Brief: United Nations response to Covid-19 in Pakistan, August 2020

Saving lives, protecting people and recovering better – these are the cornerstones of the UN’s response to COVID-19 in Pakistan. To support the Government to minimize, mitigate and manage the pandemic, the UN’s response is three-fold. First, an immediate WHO-led health response is working to suppress the transmission of the virus. Directed by the UN Resident Coordinator, UN agencies are assisting country-level coordination, planning and monitoring for a more effective COVID-19 response. We are using risk communication and community engagement to raise awareness of how to stay safe, through helplines, radio outreach, and engaging key players – from law enforcement to youth. UN myth busting is battling the tide of COVID-19 myths by increasing the volume and reach of trusted, accurate information nationwide. Support for better surveillance and case identification is helping to pinpoint COVID-19 cases and get them the health care they need. Screening and capacity strengthening at points of entry aims to keep spikes at bay, while laboratories are gearing up to do more with UN support. In tandem, our infection prevention and control measures run the gamut from providing personal protective equipment (PPE), to building water, sanitation and hygiene (WASH) facilities and delivering training, so that workers on the frontline and behind the scenes can tackle this pandemic head on.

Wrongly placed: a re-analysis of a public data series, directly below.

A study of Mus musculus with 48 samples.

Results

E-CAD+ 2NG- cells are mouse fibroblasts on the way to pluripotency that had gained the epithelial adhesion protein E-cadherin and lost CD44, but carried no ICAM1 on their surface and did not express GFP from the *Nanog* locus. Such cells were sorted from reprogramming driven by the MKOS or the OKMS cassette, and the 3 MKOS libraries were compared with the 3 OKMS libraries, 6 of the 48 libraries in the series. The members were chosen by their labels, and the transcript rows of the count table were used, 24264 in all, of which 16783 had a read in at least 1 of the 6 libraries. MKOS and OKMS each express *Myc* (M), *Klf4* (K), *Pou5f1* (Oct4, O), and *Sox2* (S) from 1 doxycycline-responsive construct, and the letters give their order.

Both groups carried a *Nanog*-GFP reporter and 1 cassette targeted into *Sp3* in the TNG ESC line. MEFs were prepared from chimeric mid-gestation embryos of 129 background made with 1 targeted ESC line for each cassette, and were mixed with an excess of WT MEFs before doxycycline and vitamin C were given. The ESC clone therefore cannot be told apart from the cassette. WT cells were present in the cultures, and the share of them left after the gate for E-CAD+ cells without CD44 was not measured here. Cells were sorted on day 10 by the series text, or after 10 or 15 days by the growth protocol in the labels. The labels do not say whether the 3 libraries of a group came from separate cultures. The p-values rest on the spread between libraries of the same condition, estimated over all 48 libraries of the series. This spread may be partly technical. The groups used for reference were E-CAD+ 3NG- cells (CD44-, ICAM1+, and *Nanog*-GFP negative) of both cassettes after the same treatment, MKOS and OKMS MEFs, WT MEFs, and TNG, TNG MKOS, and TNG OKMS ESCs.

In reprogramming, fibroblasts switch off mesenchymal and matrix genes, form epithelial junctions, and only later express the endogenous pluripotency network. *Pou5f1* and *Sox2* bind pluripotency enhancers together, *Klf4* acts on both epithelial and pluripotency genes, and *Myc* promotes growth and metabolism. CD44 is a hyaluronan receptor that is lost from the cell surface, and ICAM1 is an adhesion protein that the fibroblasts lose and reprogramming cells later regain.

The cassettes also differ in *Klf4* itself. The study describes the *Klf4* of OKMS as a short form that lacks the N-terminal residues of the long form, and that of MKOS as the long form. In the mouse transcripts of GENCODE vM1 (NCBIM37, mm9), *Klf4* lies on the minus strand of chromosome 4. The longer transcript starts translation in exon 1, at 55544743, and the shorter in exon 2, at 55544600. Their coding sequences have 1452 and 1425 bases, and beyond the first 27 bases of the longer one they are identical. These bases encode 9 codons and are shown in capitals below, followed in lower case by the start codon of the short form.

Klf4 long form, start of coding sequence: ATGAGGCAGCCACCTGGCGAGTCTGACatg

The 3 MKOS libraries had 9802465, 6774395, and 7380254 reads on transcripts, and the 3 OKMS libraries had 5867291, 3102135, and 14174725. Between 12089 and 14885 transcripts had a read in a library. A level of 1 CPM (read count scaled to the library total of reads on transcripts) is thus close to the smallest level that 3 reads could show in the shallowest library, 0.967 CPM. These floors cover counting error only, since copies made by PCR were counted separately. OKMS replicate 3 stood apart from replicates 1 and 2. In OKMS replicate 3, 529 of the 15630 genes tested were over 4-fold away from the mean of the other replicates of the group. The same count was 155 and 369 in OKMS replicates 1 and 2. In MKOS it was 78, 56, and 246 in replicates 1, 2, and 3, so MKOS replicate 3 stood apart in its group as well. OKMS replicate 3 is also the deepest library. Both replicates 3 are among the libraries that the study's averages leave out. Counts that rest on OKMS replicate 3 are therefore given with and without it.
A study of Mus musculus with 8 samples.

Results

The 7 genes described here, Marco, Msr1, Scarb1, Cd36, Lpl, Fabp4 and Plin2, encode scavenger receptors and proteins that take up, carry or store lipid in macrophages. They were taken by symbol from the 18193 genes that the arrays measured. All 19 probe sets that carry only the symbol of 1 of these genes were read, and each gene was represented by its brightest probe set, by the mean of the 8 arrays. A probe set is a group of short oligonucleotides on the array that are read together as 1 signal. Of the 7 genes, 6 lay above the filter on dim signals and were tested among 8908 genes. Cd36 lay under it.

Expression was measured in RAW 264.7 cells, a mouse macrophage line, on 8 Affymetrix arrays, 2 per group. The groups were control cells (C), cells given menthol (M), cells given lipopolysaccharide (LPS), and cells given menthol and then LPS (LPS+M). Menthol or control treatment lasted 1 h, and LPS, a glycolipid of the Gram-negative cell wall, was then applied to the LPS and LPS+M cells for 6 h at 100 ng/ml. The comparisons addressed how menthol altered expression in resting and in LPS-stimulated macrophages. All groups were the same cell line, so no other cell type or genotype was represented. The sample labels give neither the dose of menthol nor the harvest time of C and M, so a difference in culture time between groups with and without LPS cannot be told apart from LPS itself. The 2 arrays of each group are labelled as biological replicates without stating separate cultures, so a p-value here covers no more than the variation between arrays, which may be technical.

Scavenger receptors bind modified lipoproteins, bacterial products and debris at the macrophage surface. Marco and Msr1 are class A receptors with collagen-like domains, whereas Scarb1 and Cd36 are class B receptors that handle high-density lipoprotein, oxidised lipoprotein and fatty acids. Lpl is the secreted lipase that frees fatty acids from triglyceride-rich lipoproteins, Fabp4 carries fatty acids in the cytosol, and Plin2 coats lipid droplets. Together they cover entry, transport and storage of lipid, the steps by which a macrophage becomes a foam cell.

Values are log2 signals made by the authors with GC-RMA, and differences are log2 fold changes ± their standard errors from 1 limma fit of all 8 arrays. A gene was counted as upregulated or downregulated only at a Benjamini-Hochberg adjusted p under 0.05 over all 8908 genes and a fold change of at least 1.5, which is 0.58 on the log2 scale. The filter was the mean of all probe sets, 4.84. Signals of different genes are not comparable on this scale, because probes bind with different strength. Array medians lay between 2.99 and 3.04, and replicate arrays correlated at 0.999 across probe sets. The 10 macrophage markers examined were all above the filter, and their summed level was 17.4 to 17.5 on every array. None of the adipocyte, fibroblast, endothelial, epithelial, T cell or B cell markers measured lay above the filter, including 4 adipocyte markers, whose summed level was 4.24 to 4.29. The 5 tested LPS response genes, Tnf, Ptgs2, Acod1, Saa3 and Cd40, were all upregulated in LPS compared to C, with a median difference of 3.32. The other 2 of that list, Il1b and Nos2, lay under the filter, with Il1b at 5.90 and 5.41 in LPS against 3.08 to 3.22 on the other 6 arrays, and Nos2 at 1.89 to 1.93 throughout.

Second, our humanitarian response is addressing the humanitarian impacts of the COVID-19 pandemic on the most vulnerable groups in the country, from Afghan refugees to marginalized Pakistani communities.

Third, our socio-economic response is confronting the human crisis that COVID-19 has wrought on Pakistan’s society and economy. This socio-economic response is guided by the five pillars of the UN’s COVID-19 Pakistan Socio-Economic Framework. Our first priority is health. As we focus on the immediate health response to COVID-19, we are making sure that the health system continues to deliver quality services for all, especially mothers and children, people living with HIV/AIDS, and those suffering from other illnesses, like tuberculosis and hepatitis. With our second pillar, on social protection and basic services, we are prioritizing social protection services, food security and good nutrition, the continuity of learning, the planning for the re-opening of schools, and services for survivors of gender-based violence. Our third pillar is economic recovery, giving pride of place to the most at-risk, including women, transgender persons and vulnerable groups. Through research and policy dialogue we are promoting multilateral collaboration and macroeconomic response. With our fifth pillar, we are reaching out across the country to advance social cohesion and community resilience by sensitizing the public and engaging the immense potential of Pakistan’s youth.